This Mournable Body is undoubtedly an important book, but it’s more than a little difficult to read. The deservedly renowned Zimbabwean novelist, filmmaker and playwright Tsitsi Dangarembga presents a devastating portrait of her country after independence has finally been achieved, but has failed to produce the equitable utopia that the struggle seemed to promise would follow liberation from colonial oppression.

The novel follows Tambudzai and her efforts to claw her way to a prosperity and personal success she understands as her due, but which she repeatedly struggles to realize. She is thwarted by misfortune, by structural injustices that privilege white people and men, and also, it often seems, by herself. After walking out on a relatively lucrative job in an advertising agency because she is tired of her white male colleagues taking credit for her work, she finds herself running out of money and options. She manages to get a job as a biology teacher, but an unwellness that seems to have been brewing for some time culminates in a mental breakdown, and she lands in an institution. This is, perhaps, the nadir of Tambudzai’s journey – or at least it might seem as such until developments that arise later in the novel. However, her life takes a more hopeful turn after her institutionalization, and there are reasons to be optimistic that she might fulfil at least some of her dreams.

The story is written in the second person – always, for me, an initially estranging experience. In This Mournable Body, it is especially difficult because the ‘you’ the reader is inserted into, Tambudzai, is so unlikeable. She is often unsympathetic: prone to jealousy, malice, spite, and inflected in most of her actions by an injured resentment resulting from the fact that she hasn’t been able to demonstrate how superior she is to everyone around her. But Dangarembga is excellent at which she does, and after some time it seemed to me that the novel was a lesson in self-loathing. It was often unpleasant, but it was also extremely effective.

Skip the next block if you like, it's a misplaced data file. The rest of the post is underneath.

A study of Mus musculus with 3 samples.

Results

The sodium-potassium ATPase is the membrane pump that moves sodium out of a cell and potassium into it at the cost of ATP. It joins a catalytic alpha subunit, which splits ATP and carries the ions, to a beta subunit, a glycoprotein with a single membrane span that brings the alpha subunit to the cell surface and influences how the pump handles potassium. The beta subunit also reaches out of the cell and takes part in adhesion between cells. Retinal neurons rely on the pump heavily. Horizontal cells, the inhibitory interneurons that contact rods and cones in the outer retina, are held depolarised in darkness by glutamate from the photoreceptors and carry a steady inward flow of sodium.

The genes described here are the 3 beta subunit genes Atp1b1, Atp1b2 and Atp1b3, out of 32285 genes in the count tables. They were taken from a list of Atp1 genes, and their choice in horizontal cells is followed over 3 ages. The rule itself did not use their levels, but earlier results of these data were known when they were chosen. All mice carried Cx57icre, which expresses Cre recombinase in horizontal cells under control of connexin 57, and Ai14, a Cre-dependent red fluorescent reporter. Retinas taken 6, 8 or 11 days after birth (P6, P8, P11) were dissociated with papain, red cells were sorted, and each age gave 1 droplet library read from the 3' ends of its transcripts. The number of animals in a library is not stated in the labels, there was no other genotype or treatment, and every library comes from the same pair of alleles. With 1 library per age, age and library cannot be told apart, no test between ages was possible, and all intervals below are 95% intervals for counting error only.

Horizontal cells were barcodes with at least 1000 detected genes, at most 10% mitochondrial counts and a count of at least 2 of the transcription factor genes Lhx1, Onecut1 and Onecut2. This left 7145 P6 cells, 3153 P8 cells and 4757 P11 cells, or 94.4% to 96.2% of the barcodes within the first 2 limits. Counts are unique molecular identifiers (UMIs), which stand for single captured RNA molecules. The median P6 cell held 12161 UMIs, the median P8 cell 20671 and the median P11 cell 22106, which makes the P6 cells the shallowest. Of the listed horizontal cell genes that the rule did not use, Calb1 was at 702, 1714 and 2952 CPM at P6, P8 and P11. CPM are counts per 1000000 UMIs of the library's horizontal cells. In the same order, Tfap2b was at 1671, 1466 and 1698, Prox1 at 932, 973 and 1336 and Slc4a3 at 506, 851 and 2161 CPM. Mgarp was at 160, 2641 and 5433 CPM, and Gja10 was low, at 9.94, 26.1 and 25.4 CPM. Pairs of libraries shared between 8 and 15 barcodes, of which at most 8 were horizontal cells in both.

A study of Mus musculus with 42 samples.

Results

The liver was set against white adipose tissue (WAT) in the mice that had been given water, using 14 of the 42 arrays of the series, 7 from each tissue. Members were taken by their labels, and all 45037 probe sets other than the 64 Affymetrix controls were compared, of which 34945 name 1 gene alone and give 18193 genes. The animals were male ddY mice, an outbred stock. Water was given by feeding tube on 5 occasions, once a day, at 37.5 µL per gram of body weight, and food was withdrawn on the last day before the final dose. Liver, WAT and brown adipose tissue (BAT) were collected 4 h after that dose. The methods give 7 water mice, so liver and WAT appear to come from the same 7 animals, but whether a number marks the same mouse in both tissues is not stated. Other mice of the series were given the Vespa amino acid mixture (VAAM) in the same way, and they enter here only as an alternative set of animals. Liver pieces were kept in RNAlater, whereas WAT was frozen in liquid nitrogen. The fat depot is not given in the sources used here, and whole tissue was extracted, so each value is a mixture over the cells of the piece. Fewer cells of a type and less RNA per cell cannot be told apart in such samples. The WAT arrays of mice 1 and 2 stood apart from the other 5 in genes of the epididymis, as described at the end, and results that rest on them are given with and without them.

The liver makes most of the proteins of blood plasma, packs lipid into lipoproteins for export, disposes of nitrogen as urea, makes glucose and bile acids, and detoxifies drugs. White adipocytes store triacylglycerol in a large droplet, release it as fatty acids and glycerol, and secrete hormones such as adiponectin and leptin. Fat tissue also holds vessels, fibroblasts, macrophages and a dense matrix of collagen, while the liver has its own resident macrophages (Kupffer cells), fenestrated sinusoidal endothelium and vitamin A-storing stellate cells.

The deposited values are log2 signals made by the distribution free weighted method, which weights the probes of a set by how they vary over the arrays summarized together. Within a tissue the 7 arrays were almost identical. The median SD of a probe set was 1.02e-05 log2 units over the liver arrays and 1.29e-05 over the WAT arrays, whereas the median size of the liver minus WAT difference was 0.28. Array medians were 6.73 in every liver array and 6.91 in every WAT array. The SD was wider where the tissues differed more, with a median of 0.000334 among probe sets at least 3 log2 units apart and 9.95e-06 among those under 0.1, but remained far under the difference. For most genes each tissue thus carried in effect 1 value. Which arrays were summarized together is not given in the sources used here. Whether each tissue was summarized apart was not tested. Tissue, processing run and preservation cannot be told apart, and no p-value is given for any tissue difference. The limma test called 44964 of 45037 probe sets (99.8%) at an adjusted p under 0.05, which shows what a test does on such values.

Dangarembga’s writing is very strong, and in many ways this novel seems to be a book that an honest person might have to write about a post-liberation situation that has been a profound disappointment of earlier hopes. It’s part indictment of the individuals who want to get ahead regardless of the cost, but also part recognition that some systems are so deeply rotten that there are few, if any, good options. I can’t say that I enjoyed this book, but I have a great deal of respect for it.